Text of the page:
I was today years old when I FINALLY successfully made my first batch of homemade baked beans. When I was younger, I thought it would be too challenging for my uncertain skillset to handle; when I was a little older and had since converted to vegetarianism (no preaching here, don’t worry), I couldn’t figure out how to replace the flavour and umami of salt pork with something non-meat-based. The few times I tried over the last few years usually aborted before they ever got into the final bake-off, as the beans were either too hard/old, or smelled funny, or I just lost my confidence and did something else for dinner that day.
I honestly don’t know why it took me so long.
Not only screamingly economical (I estimate that this entire recipe cost me under $3.00CDN; that’s total, not per person!), these beans are super tasty and filling. They’re not pretending to be anything they’re not (like full of pork, or a molasses-smothered Boston baked bean-type recipe); they’re not like any other recipe I’ve tasted.
I started with a simple recipe from the indomitable The Spruce Eats (Vegetarian Boston Baked Beans with Molasses), but tweaked a number of ingredients to suit my tastes and what I had on hand at the time. I think it’s those changes that really makes this recipe unique. It is mine, it is simple (like little old me, hurr durr), and it is delicious. It also happens to be gluten-free and vegan, but those alterations were more by accident than design. The only thing this recipe is not, is quick. You really need to plan out your method a day in advance if you’re going the distance with this recipe, as with virtually any other bean recipe out there, and while there are shortcuts I don’t recommend them. This recipe deserves your full attention, even if most of it is spent scrolling through Netflix titles while waiting for these little beanies to be done.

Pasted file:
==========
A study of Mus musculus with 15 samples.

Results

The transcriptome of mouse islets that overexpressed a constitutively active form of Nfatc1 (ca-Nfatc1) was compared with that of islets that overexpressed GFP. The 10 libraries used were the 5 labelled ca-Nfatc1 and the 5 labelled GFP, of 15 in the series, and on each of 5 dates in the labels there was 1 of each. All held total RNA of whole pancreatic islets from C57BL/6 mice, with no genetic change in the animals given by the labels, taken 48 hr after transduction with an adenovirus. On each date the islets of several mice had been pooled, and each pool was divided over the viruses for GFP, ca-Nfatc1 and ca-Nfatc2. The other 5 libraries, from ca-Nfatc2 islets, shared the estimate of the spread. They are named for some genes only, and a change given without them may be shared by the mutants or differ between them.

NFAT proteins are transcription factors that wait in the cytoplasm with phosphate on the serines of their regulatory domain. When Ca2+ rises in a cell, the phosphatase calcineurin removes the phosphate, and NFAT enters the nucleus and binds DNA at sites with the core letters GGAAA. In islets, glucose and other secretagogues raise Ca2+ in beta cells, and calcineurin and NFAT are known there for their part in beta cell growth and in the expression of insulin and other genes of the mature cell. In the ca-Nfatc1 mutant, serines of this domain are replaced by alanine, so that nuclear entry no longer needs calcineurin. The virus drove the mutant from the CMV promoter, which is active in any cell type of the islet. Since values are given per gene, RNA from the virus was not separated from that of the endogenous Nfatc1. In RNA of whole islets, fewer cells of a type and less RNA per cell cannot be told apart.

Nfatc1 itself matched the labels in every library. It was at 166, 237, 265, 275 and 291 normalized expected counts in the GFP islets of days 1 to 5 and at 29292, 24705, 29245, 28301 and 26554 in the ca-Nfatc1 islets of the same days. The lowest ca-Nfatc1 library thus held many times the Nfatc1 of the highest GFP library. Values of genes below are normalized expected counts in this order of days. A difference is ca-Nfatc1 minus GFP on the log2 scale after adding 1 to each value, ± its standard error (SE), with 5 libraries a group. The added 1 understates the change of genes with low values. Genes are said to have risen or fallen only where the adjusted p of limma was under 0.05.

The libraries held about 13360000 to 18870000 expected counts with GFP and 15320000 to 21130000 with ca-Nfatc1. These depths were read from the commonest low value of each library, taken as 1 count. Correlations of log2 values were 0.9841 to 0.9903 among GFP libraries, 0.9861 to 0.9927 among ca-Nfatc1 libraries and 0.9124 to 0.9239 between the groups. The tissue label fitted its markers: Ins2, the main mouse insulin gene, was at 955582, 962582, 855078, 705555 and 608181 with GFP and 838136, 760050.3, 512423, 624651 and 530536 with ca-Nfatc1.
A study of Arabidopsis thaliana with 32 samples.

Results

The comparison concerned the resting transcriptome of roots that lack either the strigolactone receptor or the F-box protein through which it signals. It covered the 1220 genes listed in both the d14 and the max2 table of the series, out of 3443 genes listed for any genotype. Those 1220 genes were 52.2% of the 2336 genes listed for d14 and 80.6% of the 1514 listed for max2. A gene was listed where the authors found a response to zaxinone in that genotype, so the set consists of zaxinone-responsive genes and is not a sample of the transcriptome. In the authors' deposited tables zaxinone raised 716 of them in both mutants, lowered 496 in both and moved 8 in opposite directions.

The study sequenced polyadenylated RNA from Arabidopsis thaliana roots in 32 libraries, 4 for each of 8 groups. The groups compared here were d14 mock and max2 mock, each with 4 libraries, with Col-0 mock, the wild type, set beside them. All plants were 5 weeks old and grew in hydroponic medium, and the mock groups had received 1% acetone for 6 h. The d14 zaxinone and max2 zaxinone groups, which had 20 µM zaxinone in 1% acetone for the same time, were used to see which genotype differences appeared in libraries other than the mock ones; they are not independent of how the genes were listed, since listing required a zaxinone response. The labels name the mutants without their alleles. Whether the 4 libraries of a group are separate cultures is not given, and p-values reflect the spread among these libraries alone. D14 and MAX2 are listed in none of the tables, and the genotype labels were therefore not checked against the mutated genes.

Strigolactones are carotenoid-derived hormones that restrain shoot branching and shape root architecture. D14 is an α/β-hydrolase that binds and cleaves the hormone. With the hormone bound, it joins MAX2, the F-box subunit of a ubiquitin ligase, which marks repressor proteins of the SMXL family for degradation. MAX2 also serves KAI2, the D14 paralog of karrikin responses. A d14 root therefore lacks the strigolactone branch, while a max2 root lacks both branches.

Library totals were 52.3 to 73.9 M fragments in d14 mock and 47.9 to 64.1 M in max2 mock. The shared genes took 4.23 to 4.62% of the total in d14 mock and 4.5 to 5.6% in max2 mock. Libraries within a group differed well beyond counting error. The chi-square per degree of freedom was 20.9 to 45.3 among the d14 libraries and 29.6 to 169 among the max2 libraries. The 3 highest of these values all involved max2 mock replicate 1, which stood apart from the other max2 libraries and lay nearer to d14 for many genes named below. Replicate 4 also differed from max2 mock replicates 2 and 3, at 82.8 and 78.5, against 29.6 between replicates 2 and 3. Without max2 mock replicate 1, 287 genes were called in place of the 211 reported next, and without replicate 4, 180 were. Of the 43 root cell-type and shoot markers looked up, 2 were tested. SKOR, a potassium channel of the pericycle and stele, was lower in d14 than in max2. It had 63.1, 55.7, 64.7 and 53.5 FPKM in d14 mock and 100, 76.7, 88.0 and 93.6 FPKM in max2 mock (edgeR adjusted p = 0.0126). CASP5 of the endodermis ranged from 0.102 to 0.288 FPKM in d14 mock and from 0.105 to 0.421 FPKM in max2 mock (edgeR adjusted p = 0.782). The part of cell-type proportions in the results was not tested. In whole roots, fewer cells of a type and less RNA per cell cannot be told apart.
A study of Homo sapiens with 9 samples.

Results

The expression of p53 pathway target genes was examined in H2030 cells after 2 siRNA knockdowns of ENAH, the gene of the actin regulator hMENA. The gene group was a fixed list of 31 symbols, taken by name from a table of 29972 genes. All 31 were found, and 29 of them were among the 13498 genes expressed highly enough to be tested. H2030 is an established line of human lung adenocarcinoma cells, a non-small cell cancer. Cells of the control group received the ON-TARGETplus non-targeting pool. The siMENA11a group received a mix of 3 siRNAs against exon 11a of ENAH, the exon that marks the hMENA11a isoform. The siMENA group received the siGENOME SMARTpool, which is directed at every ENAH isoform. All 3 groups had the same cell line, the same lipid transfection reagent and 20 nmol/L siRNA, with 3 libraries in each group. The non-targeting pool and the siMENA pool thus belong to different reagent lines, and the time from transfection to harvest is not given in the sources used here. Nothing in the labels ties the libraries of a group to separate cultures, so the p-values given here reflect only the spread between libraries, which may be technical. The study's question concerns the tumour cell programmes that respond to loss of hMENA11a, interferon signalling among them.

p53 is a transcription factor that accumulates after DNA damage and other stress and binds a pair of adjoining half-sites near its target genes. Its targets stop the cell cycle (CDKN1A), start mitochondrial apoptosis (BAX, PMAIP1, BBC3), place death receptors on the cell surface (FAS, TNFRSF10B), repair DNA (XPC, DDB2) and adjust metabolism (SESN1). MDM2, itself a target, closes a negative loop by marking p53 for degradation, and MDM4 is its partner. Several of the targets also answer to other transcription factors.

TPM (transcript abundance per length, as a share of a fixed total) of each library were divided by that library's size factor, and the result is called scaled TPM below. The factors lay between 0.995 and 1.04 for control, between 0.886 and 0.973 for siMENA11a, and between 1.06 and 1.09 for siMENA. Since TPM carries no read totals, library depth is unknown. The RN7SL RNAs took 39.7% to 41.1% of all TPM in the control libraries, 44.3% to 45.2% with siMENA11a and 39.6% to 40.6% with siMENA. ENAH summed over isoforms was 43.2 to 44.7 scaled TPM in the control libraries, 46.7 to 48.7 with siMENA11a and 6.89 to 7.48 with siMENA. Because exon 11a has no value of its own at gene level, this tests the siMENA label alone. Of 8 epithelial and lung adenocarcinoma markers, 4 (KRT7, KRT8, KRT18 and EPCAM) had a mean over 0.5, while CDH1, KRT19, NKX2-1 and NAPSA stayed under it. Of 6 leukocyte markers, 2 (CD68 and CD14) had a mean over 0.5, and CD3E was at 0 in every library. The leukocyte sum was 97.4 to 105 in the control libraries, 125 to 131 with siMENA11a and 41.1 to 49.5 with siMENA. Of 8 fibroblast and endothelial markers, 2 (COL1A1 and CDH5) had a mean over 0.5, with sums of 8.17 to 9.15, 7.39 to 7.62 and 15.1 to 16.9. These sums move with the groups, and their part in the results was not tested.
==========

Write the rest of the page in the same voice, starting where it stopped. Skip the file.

Don’t worry; it will be worth it. 🙂
Vegetarian Baked Beans
YIELD: 4 servings | PREP: 8-10 mins | SOAK: 12 hours or overnight | COOK: 1 hour | BAKE: 1.5 hours
- 2 cups/625g/22oz dried navy beans
- About 6 cups/2.13L/72fl.oz water* – you can replace the stock cube below by using 2 cups of chicken or beef or vegetarian flavoured broth
- 1 bouillon cube (I use a vegetarian beef flavoured stock cube, but you can replace with broth: see above ) – make sure it’s GF if doing gluten-free
- 1 whole garlic clove, peeled
- 1 big pinch kosher salt
- ½ medium onion (white, yellow or red), diced small
- 1 cup/240mL/8fl.oz crushed tomatoes or tomato sauce (NOT pasta sauce!) – I used home-canned seasoned tomato sauce
- 1 cup/240mL/8fl.oz low-sodium vegetable broth
- ½ cups/170g/6oz fancy molasses (use a vegan brand if you need to)
- 1 tbsp/15mL/0.5fl.oz tamari (can use soy sauce if not doing GF)
- 1 tsp/2.1g/0.7oz mustard powder
- ½ tsp/1.7g/0.06 garlic powder
- Cracked black pepper
- 1 tbsp/15g/0.5oz salted butter or olive oil (optional)
- DAY PRIOR: rinse the navy beans in cool, running water to remove any particulate matter; pick through for stones or damaged/blemished beans. Dump rinsed beans in a large bowl with 9 cups of clean, cool water (1:3 ratio of beans:water). Let sit in a cool place (refrigerator or pantry) for about 12-14 hours, or overnight.
- DAY OF, 3 HRS PRIOR: drain the pre-soaked beans and place into a large heavy-bottomed pot; fill with water to 1-inch above the beans. (This is where you can use some stock/broth to replace the water and bouillon cube, if you like.) Place the bouillon cube, pinch of Kosher salt and garlic clove in the pot, and heat on high to boiling; turn down to medium and let cook for 1 hour, stirring periodically.
- DAY OF, 2 HRS PRIOR: Preheat oven to 350°F, and place rack in middle. Make sure whatever casserole or baking crock you will be using for the final cook off of the beans fits in well without being too close to the top elements in the oven.
- Meanwhile, combine the beans, diced onion, tomato sauce, broth, molasses, tamari, mustard powder, garlic powder, and cracked black pepper in a Dutch Oven or other strong oven-safe casserole dish with a well-fitting lid.
- Cover and bake for 90 minutes, checking and stirring every half hour. If by the 60 minute mark the beans are still too liquid for your taste, remove the lid for the last 30 minutes of baking (I ended up keeping my lid cracked the whole way through to better control evaporation).
- Remove from oven and taste for seasoning. You can add a knob of butter or a tablespoon of olive oil at this time for a richer mouth-feel, but it’s not required. Serve hot or lukewarm. Makes great leftovers if it lasts that long!